Monday, 1 June 2009

Smurney's journey

Smurney and her sister Smudgie, came into our lives nine years ago when they were about five or six years old. Their owners couldn't keep them any longer due to an allergy and we took them home on the day before they were due to go to the cat rescue.

When I first saw them, they were curled up in a cardboard box together but soon after arriving at their new home with us their true characters started to show through. Smudgie turned out to be a hunter - frequently bringing in mice, sometimes dead and sometimes alive. Although friendly and affectionate with family members she wasn't keen on "alien" people that she didn't know. Her favourite place to sleep is in our bedroom and often shows off outside by racing around and climbing up trees.

Smurney, on the other hand, never caught or killed anything (that I am aware of) - she just never seemed to be interested. She would half heartedly watch birds but seemed to lack the killer instinct. She was always "top cat" and had first choice at the feeding station - not because she was bossy but somehow had an aura of superiority. She loved being outside in the garden and had several favourite places to sleep. When indoors she would often lie between the computer keyboard and screen - making sure she had full attention from the computer user by standing up and stretching from time to time. Smurney always had time for visitors and was loved by everyone.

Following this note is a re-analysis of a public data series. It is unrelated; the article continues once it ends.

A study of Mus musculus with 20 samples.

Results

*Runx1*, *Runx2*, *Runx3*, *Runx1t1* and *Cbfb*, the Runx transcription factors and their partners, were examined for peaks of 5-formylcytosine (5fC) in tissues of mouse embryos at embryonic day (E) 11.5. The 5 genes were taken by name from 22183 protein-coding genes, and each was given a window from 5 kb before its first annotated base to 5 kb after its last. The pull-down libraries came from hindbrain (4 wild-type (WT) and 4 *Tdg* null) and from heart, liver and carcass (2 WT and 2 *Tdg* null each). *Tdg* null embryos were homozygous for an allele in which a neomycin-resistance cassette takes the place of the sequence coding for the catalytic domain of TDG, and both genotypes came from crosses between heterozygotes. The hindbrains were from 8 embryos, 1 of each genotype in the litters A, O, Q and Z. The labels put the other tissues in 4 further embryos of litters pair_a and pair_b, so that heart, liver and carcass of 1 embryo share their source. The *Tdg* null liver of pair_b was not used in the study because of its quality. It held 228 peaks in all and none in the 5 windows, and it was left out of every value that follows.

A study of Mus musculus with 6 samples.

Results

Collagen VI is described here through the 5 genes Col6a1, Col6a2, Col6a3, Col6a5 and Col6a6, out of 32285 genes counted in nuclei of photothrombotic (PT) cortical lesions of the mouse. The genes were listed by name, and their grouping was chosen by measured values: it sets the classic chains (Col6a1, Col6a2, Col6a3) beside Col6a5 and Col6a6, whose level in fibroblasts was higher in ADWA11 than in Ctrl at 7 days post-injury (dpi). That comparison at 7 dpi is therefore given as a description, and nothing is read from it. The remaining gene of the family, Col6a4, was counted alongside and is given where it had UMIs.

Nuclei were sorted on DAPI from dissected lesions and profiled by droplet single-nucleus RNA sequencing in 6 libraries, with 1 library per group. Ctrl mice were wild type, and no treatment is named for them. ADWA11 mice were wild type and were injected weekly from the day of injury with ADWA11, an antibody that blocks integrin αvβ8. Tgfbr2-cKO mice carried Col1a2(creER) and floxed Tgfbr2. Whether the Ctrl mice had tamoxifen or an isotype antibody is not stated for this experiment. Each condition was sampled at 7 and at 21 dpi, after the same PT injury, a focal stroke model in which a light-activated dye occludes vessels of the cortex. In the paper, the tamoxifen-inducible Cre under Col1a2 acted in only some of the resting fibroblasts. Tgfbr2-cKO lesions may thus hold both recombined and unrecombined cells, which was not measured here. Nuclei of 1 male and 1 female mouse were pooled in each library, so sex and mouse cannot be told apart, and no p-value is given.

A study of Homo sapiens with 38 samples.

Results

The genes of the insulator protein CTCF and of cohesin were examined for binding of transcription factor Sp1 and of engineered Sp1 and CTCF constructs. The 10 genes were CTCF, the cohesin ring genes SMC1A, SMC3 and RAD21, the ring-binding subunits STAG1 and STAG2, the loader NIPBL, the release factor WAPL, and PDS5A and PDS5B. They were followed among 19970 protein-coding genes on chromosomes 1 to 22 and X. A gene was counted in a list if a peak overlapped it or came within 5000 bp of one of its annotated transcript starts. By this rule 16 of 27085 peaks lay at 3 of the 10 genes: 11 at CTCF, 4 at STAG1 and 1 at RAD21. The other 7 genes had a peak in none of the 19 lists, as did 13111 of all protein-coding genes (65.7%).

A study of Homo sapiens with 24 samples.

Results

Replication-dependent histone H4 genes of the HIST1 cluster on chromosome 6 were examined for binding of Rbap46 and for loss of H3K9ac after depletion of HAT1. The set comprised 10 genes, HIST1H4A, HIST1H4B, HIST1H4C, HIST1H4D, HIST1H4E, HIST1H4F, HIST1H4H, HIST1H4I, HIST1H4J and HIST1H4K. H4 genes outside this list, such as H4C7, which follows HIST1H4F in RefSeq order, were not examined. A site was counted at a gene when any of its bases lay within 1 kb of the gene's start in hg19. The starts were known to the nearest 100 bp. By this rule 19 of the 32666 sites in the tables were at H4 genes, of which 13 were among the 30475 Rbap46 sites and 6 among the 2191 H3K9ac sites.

When our latest arrival (To-to) came to us Smurney just accepted her as if she had always been there although To-to knew to keep her distance and that Smurney was to be respected, whereas Smudgie takes every opportunity to bully To-to.

When poor Smurney became ill we rushed her to the vets immediately. She was admitted for tests and the diagnosis was heart disease, complicated by thyroid problems, which led to a thrombosis resulting in her being unable to use or feel one of her legs. The care she received at the vets (Cathcart & Winn) was excellent and after 48 hours when there was no real improvement and after much discussion to decide the best course of action, we visited Smurney to say our goodbyes.

After lots of cuddles, stroking and comforting (amidst much weeping and wailing from us), the vet administered the lethal dose and Smurney quickly and painlessly fell asleep whilst on my daughter's lap. Once home, we buried Smurney in her final resting place - beneath her favourite bench in the garden she loved and knew so well.

Rest in Peace lovely Smurney and enjoy your next journey - we miss you so much.